Getting Started

Sorry for the delay since the last blog – I’ve been travelling. Here are some specific recommendations for beginners on what to read, good first models, where to obtain plans, and other things that you need to get started.


Reading Material

- Gliders especially HLG:

Flying Hand Launch Gliders by John Kaufmann, 2006 edition

This is a classic read, for any modeller, but is really useful for hand or catapult launch glider flyers. It can be bought from the National Free Flight Society at the reasonable price of US$13.

An introduction to HLG, superb how to build and fly tips and a nice selection of plans are available from Mike Chapman's wonderful site called F4Bscale.

- Free flight generally:

SmallFlyingArts has great tips, articles, and the best free flight discussion forum on the web with a truly massive wealth of knowledge to look over.

- For seriously addicted free flighters:

British Model Flying Association Free Flight Forum reports, published annually.

Freeflight Quarterly, a magazine on free flight matters, technical and historical, published - you guessed it - quarterly.


Good First Models

I believe that building from plans provides the best experience for a budding free flighter. Following the guidelines on my last blog, here are some recommendations for satisfying, easy to build and not too big first models:

Gliders:

Dogchew, 6” span – plan and building notes available here.

Simple 10 or WAM 10, both 10" span, by Heman Lee and Emile Carles respectively - plan available from the Free Plans page of the Aeromaniacs site.

Baby Jazz, 13” span by Andrew Hewitt - plan available from Mike Chapman's F4Bscale site.

As you will see, each of these has only one or two wing joints, which makes them simpler to construct. I wouldn’t recommend a bigger glider for a first model. For why, please see my last blog.

Rubber Power:

Recommending plans for beginners is easy:

Cloud Tramp: I would suggest that this is now a free flight design classic, with many fliers worldwide. The original article and plan are available from The Plan Page (click on "Special Things"). The Cloud Tramp model also has a dedicated website for its afficianados.

The Squirrel is a very well-thought out design. Involves tissue as well as balsa, yet is easy to make and ideal for beginners. A very light design that flies well indoors and outdoors.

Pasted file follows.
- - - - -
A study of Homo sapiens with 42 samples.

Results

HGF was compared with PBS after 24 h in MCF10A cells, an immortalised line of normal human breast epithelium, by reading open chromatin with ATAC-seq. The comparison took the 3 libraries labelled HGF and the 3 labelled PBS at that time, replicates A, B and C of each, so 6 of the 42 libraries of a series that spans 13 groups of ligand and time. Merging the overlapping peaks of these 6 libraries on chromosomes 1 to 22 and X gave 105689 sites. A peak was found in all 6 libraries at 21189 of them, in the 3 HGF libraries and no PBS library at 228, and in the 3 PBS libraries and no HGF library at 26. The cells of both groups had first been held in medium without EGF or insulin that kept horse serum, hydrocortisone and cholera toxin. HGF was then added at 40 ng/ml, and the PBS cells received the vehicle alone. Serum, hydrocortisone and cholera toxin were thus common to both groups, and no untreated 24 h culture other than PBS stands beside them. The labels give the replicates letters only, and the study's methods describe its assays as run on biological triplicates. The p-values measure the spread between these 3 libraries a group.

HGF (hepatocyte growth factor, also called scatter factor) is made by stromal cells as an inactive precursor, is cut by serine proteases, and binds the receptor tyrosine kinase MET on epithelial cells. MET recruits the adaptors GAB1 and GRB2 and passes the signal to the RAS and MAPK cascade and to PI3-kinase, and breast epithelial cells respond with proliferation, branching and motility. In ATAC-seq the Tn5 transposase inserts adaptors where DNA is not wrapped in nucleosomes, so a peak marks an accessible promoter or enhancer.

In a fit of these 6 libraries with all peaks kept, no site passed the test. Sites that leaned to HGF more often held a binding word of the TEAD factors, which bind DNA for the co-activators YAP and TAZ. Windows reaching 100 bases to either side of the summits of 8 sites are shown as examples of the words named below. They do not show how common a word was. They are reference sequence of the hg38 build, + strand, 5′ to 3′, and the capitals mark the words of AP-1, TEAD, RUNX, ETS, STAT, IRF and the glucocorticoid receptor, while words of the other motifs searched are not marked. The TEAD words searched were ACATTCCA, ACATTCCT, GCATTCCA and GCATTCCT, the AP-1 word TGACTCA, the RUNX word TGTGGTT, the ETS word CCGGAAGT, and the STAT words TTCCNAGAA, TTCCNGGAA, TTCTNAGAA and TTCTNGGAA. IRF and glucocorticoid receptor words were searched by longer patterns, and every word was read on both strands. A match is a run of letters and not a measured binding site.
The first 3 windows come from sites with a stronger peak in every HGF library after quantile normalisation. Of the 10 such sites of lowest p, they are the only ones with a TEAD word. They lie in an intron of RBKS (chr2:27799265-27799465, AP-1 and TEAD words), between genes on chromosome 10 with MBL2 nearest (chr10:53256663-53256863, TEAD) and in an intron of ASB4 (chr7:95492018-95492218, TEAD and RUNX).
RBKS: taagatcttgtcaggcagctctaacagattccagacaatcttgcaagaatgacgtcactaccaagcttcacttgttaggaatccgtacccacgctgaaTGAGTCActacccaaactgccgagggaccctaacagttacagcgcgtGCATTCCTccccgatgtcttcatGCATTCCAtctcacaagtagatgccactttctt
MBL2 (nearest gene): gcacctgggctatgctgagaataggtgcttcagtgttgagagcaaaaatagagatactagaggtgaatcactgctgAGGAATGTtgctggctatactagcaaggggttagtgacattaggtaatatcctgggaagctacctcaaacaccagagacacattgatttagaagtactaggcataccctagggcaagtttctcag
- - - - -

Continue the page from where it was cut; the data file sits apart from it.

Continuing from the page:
Also worth mentioning are the Dart and Gyminie Cricket available cheaply via the Educational Kits page of the BMFA. In addition, the AMA Cub (also known as the Delta Dart). Kits can be purchased very cheaply form the webstore of the AMA.


Sources of Plans

In addition to the websites mentioned under Good First Models above, the best recommendation I have is to take your time to go through this excellent collection of links to free of charge free flight plans compiled by DB Design Bureau.

There are lots of other sources of plans where payment is required, and prices are usually low. Please respect copyright, read notices where provided and in particular, do not deal commercially in plans without the copyright owner's consent.


Tools and Stuff

I regard the following as essential tools, bits and pieces for the first model:

  • A source for balsa wood – not difficult to find over the internet. As you get more experienced, you will need to be more selective about the quality of the wood you use. In the UK, I recommend Flitehook, Blackburn Models and FreeFlightSupplies.
  • Flat smooth cutting surface. E.g. fibre board, and old large kitchen chopping board or a plate of glass.
  • Squared paper or one of those rubbery cutting boards that has squares ruled on it. This is useful when you assemble your model, because it makes aligning the parts so much easier by truing things up by eye to the squares.
  • Card, pencil and scissors – all needed to mark out and cut templates (e.g. of the wing profile from the plan).
  • Craft knife or scalpel.
  • Sand paper of various grades (best to wrap and pin it to a block of wood).
  • Glues – Epoxy, PVA white wood glue and Superglue. Each has its uses. Try them all and learn about their relative advantages and disadvantages.
  • Ruler and square. For marking out and aligning parts. Plastic school/office types are fine, but you will need a metal one for cutting lines.
  • Sanding sealer, non-shrinking dope or a spray varnish for a lightweight finish to the wood.